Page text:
As we become more aware of our individual strengths, it’s important to also understand and leverage the talent of others around us.
Why is that? The great thing about understanding strengths (and weaknesses) is that we gain valuable self-awareness and discern where to “borrow” talent in areas where we may have a deficit – those types of work or processes that don’t come naturally to us. In this way, a colleague with strength in an area where you may be weak can “cover your blind spot,” so to speak.
For example, my most dominant talent theme is “Activator,” which means I am strongly drawn toward action and can be a strong catalyst but I also may (and DO) become impatient without activity. If I’m in a situation where a little risk analysis might be prudent, I confer with a partner who is strong in the “Deliberative” department. This person will help to “rein me in” – as I have the tendency to act on instinct. If my gut’s wrong and I’ve already pulled the trigger, the consequence could be devastating. But, by borrowing from my more scrupulous colleague, my assumptions are validated through meticulous consideration before I pull the trigger.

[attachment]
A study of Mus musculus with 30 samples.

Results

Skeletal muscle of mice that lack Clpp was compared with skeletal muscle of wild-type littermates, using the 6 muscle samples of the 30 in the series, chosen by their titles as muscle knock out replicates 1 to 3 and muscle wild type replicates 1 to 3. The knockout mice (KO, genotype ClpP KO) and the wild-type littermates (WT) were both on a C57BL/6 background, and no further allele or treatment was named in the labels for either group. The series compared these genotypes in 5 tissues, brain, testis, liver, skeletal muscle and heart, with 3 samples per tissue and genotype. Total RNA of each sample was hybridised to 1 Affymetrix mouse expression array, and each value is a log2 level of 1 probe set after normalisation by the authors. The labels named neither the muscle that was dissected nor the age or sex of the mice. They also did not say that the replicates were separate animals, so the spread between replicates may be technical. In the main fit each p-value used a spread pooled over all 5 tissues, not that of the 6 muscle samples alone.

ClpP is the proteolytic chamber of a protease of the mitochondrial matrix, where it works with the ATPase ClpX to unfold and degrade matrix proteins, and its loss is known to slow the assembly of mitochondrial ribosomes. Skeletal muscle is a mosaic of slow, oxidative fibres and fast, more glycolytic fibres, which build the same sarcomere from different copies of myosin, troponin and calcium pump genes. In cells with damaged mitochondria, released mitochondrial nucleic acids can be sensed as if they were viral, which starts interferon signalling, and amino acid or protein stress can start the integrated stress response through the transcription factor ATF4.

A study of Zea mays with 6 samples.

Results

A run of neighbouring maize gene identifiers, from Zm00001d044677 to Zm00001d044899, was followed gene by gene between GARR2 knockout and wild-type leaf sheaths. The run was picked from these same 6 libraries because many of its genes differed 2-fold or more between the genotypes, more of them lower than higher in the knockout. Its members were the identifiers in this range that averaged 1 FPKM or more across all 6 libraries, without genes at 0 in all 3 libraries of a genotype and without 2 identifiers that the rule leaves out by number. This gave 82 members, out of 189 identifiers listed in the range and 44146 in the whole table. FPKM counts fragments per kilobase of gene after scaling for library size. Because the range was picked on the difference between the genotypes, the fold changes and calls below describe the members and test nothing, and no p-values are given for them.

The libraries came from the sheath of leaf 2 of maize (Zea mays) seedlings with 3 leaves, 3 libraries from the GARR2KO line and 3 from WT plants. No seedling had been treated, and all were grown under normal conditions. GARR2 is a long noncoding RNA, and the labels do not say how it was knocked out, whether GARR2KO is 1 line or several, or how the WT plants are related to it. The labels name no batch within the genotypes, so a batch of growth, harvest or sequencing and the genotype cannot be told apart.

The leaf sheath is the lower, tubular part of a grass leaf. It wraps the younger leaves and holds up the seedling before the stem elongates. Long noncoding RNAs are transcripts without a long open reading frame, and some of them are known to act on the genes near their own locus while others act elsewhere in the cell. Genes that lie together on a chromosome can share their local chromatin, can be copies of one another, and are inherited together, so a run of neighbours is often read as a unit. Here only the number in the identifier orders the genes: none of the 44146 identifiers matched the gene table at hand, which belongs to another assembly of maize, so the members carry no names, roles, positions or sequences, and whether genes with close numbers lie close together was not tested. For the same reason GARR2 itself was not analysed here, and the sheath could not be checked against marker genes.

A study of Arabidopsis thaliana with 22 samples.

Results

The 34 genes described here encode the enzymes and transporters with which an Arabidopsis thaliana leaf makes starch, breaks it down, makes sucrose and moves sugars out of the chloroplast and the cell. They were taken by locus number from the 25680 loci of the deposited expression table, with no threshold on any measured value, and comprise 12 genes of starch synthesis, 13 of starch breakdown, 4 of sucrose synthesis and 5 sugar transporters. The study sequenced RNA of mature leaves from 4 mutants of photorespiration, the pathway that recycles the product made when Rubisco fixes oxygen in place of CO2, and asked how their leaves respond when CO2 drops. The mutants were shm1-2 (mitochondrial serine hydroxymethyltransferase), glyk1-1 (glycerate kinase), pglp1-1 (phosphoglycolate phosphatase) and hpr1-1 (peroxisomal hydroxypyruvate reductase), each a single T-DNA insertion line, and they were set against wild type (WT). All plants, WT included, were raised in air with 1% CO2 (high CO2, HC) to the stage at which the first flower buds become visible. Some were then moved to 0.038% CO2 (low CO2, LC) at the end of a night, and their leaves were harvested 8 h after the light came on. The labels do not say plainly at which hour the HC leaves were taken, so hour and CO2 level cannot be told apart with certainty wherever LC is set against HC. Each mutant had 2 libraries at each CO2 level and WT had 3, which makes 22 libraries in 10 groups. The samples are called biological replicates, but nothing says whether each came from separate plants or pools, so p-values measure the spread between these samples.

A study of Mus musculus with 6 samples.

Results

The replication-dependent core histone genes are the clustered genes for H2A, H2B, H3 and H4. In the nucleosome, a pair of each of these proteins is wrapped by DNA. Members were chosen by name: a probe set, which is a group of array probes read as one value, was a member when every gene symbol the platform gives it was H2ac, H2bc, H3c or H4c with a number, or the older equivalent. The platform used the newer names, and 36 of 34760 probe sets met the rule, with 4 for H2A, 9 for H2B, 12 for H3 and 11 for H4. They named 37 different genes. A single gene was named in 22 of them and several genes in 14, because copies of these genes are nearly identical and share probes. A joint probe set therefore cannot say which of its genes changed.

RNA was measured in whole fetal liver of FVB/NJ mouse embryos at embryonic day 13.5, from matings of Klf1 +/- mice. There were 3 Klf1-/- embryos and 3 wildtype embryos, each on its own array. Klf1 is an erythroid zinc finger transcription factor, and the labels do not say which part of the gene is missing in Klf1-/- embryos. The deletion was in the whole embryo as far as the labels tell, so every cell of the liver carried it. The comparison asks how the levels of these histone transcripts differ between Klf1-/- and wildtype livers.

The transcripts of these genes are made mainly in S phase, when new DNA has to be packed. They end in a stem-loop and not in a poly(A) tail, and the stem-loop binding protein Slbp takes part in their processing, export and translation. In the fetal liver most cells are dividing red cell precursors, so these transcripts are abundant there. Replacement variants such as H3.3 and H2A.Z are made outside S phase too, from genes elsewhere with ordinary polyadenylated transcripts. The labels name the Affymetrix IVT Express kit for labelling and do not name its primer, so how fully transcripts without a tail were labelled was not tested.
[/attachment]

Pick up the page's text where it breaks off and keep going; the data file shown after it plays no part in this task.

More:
Or, say a leader high in “Harmony” has an employee who is not meeting performance expectations, but his need to avoid conflict makes it challenging to address the issue. In this circumstance, it may be valuable to collaborate with a colleague high in “Self-Assurance”. She can provide the perspective and help you rely on your expertise to develop a way where you feel comfortable coaching the struggling employee.
Leveraging the talents of others is a win-win for all parties. You, as the individual who needs the assistance, don’t have to struggle to work through a problem – and you get additional expertise along the way. And the person with this expertise gets to experience the results and play in their “sweet spot,” which is typically highly engaging.
When did you last “loan” your talent and contribute to a successful outcome?